Up Or Down Vote
Chris Cilizza asks a good question:
Five Democrats -- Sens. Max Baucus (Mont.) Kent Conrad (N.D.), Blanche Lincoln (Ark.), Bill Nelson (Fla.) and Tom Carper (Del.) -- voted against the Rockefeller amendment. President Barack Obama's average percentage of the 2008 vote in those states was 49.4 percent.
The eight Senate Democrats who voted for the Rockefeller amendment represent states, by contrast, that gave Obama an average of 56.75 percent of the vote in the last presidential election.
While there will be more votes on the public option between now and when (and if) a final bill passes, the vote on the Rockefeller amendment shows how Democrats are approaching the politics of the issue.
Democrats representing red or swing states clearly believe the public option is a non-starter politically despite evidence in recent polling -- in places like Arkansas and Montana -- that voters in these states favor the idea of a government-run program.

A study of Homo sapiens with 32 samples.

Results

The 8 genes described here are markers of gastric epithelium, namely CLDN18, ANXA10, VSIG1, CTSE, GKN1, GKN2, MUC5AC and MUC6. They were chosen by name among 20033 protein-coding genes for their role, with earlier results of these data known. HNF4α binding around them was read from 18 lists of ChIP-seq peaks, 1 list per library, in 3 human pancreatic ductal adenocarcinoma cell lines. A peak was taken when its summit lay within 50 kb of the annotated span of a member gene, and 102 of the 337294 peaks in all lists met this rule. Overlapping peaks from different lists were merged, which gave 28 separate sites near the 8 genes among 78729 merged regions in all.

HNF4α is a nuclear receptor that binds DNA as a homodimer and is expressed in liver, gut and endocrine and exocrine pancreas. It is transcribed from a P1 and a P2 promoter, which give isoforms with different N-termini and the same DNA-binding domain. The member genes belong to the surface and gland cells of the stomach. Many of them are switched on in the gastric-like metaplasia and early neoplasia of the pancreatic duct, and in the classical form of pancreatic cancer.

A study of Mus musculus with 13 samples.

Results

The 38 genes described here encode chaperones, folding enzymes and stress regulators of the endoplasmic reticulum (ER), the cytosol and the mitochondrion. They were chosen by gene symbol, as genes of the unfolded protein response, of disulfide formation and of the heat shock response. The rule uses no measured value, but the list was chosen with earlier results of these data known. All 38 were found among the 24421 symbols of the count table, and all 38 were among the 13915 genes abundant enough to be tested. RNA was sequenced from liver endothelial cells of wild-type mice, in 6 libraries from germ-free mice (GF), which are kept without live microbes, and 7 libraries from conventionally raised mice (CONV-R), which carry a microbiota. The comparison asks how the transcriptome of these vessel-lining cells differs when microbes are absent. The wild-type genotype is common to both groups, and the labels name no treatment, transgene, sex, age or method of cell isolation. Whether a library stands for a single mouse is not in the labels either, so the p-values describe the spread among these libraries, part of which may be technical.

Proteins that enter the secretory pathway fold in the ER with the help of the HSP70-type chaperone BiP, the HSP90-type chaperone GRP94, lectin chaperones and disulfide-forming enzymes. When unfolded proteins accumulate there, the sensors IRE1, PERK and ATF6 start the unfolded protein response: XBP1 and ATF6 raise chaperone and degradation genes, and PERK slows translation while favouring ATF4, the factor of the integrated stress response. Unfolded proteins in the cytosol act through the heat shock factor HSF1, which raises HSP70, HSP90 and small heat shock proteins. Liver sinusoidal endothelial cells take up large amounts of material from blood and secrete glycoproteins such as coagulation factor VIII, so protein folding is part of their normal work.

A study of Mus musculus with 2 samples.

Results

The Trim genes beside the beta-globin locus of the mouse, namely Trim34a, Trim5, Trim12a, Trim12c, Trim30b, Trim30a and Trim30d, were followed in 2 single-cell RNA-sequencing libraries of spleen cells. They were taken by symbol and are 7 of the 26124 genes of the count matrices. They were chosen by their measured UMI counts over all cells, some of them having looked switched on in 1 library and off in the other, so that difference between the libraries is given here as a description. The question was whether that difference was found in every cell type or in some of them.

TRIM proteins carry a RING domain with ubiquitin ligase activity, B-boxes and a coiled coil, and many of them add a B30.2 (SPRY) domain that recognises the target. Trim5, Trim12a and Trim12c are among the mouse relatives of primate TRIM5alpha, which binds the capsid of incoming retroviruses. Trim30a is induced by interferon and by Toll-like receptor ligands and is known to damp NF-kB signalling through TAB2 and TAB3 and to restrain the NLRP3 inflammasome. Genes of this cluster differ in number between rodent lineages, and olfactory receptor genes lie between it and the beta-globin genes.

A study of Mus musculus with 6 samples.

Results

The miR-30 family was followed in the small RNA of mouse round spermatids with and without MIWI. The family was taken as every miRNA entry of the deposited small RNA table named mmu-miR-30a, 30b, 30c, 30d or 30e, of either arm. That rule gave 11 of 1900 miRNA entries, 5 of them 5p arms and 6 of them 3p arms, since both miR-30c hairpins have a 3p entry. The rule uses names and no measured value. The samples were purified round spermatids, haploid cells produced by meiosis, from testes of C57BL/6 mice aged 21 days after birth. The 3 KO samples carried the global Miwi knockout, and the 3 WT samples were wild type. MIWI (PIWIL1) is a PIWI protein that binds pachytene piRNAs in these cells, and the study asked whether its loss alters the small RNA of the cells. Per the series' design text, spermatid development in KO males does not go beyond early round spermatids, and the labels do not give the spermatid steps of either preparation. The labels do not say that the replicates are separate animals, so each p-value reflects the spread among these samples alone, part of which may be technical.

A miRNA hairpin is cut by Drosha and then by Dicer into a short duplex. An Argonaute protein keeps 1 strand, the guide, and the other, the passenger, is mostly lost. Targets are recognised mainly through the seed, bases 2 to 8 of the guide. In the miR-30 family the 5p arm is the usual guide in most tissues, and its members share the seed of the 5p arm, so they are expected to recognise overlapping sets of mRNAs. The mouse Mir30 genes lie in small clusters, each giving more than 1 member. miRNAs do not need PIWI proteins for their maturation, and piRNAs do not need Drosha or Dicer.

Can the White House change their minds?
Carper and Nelson flipped on the Shumer public option amendment, leaving only Conrad, Lincoln and Baucus voting against it. This is good news believe it or not. It indicates that there are 51 votes for a public option in the senate.
The question most certainly is whether or not the president can change their minds. And frankly, if he doesn't have enough juice to at least hold them together for one cloture vote then I have to wonder if he has any real juice at all. Every one of these corporate lackeys can vote against the final bill if they dare. Assuming they can bring Byrd in to do it, all they need to do is break a Republican filibuster and "allow an up or down vote."
Update: Tom Harkin claims they have the votes for the PO.
Update II: Carl Cameron on Fox just said that today was the first time that anyone had a chance to vote on a public option and it got killed.
And he's right --- except for the Senate HELP Committee and the three House committees that already voted on it and passed it.